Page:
What is Critical Race Theory?

Critical Race Theory, or CRT for short, is a divisive ideology that attributes all societal problems to racism. It holds that institutions are systemically racist and that individuals are inherently biased, while demanding that society must be fundamentally transformed as a result. It replaces the concept of “equality” with “equity,” which means that every racial and gender group should have the exact same social and economic outcomes, even if that requires treating people unequally.

In the context of healthcare, CRT holds that physician bias is to blame for different health outcomes among racial and gender groups. It proposes to remedy this reality by forcing medical professionals to provide different levels of care to different populations. This includes offering and denying treatments on the basis of race, including potentially life-or-death decisions. CRT-inspired policies and programs may violate federal law and the United States Constitution.

What is anti-racism?

Anti-racism, which is closely related to Critical Race Theory, holds that racial discrimination is praiseworthy and necessary. It seeks to overcome different outcomes among racial and gender groups by actively discriminating in favor of some people and against others. Anti-racism is fundamentally at odds with the American principles of equal treatment under the law and equal justice for all.

Within healthcare, anti-racism is making race and gender a determining factor in who gets certain medical treatments. That includes the denial of treatments for patients based on their skin color. It is also turning medical students and professionals into political activists by training them to care more about identity politics than caring for individual patients.

Are physicians biased/Is healthcare systemically racist?

There is no credible evidence that physicians are biased, or healthcare is systemically racist. In fact, the psychological test that is commonly used to prove such claims, the Implicit Association Test, has been thoroughly repudiated. Even its creators have acknowledged its shortcomings. 

Unfortunately, this fact has not stopped activists and ideologues from trying to transform healthcare along anti-racist lines, hurting patients and physicians in the process. Critical Race Theory is ultimately making health more biased and discriminatory, not less.

What’s happening in medical schools?

Medical schools are being taken over by anti-racist activists. They are demanding that future physicians be trained to combat injustice and racism instead of caring for the unique medical needs of each individual patient.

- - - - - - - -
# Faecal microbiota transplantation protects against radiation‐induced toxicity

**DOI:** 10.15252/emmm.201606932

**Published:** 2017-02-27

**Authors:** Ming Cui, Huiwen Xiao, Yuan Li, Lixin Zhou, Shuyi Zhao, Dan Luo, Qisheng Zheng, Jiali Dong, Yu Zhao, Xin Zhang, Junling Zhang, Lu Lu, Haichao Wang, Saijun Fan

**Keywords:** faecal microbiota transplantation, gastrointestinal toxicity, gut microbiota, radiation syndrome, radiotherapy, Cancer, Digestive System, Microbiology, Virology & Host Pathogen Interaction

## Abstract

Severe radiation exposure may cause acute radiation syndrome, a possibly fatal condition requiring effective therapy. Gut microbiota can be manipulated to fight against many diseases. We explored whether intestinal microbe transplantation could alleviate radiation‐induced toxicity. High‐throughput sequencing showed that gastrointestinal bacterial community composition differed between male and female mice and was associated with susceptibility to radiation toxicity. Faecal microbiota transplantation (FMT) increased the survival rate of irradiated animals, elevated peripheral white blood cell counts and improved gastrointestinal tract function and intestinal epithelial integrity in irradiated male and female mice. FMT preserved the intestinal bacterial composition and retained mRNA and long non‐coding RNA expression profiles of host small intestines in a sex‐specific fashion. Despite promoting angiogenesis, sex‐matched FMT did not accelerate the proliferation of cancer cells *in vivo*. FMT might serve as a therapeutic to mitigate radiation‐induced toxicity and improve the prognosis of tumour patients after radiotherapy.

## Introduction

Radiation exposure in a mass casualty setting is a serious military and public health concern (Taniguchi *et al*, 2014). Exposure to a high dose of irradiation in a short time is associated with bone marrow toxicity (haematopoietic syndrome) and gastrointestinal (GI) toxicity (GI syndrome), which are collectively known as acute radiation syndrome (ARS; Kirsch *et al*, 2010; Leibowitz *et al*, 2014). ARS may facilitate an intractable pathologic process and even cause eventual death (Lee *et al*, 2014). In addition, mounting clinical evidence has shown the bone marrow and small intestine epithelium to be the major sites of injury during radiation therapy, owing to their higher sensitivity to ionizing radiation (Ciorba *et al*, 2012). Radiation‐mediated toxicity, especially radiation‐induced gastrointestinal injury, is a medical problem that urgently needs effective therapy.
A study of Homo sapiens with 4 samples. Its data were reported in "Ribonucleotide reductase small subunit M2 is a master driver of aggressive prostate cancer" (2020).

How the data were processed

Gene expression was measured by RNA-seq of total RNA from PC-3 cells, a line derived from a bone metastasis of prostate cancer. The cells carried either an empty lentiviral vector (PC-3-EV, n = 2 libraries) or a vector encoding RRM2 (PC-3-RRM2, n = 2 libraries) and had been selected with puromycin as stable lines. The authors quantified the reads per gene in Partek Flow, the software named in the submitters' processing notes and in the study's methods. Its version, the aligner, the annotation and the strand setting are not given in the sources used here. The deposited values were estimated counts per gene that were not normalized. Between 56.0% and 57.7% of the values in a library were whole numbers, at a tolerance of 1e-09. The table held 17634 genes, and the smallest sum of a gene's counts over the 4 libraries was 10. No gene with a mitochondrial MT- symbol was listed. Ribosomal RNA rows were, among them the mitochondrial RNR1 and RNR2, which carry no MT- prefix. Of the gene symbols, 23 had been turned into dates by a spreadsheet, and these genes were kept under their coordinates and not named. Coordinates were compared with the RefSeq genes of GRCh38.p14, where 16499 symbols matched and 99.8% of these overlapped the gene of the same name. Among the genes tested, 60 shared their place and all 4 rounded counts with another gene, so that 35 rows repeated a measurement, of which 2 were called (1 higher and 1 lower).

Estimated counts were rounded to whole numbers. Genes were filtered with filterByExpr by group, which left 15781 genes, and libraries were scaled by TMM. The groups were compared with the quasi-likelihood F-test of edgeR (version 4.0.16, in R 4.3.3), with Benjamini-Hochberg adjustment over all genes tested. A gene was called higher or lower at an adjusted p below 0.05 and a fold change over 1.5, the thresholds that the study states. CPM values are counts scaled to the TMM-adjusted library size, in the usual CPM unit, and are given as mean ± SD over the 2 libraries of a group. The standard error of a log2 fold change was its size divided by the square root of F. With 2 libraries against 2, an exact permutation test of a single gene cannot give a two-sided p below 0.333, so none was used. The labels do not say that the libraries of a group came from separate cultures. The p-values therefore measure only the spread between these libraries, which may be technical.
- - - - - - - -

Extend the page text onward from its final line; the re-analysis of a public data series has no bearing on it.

At least 23 of America’s top 25 medical schools have made anti-racism a core part of their curriculum, while other institutions are creating anti-racist curricula to be implemented at schools nationwide. This divisive campaign will only lead to discrimination in healthcare, which is bad for patients. It will also hurt patient health and well-being by lowering standards for medical school and professional certification.

What’s happening in medical research?

Medical journals and scholarship are increasingly dominated by Critical Race Theory and anti-racism. The National Library of Medicine has more than 2,700 recent papers on “racism and medicine,” which generally purport to show that physicians are biased and provide worse care to specific racial and gender groups. 

Such scholarship is broadly faulty, and its conclusions are scientifically unsupported. It also crowds out real medical scholarship, stifling the innovation and insights that physicians need to improve patient health.

What’s happening in hospitals and doctors’ offices?

Medical providers are increasingly making race a determining factor in who gets what treatments, most notably COVID-19 vaccines. As Critical Race Theory and anti-racism become more embedded in healthcare, medical professionals will be forced to provide different levels of care to people of different racial and gender groups. Ultimately, identity politics will determine what care individual patients receive, regardless of their unique medical needs.

What’s happening in state and federal policy?

Both state and federal policymakers are embedding anti-racism into healthcare. States are beginning to require that medical providers take race into account when determining who gets treatments. The federal government is paying doctors to implement anti-racist plans – i.e., discrimination.

While some states have dropped these policies after widespread pushback, others show no signs of changing course, and neither does the federal government. Healthcare policy is at risk of forcing discrimination into every level of medicine and onto every medical professional and patient.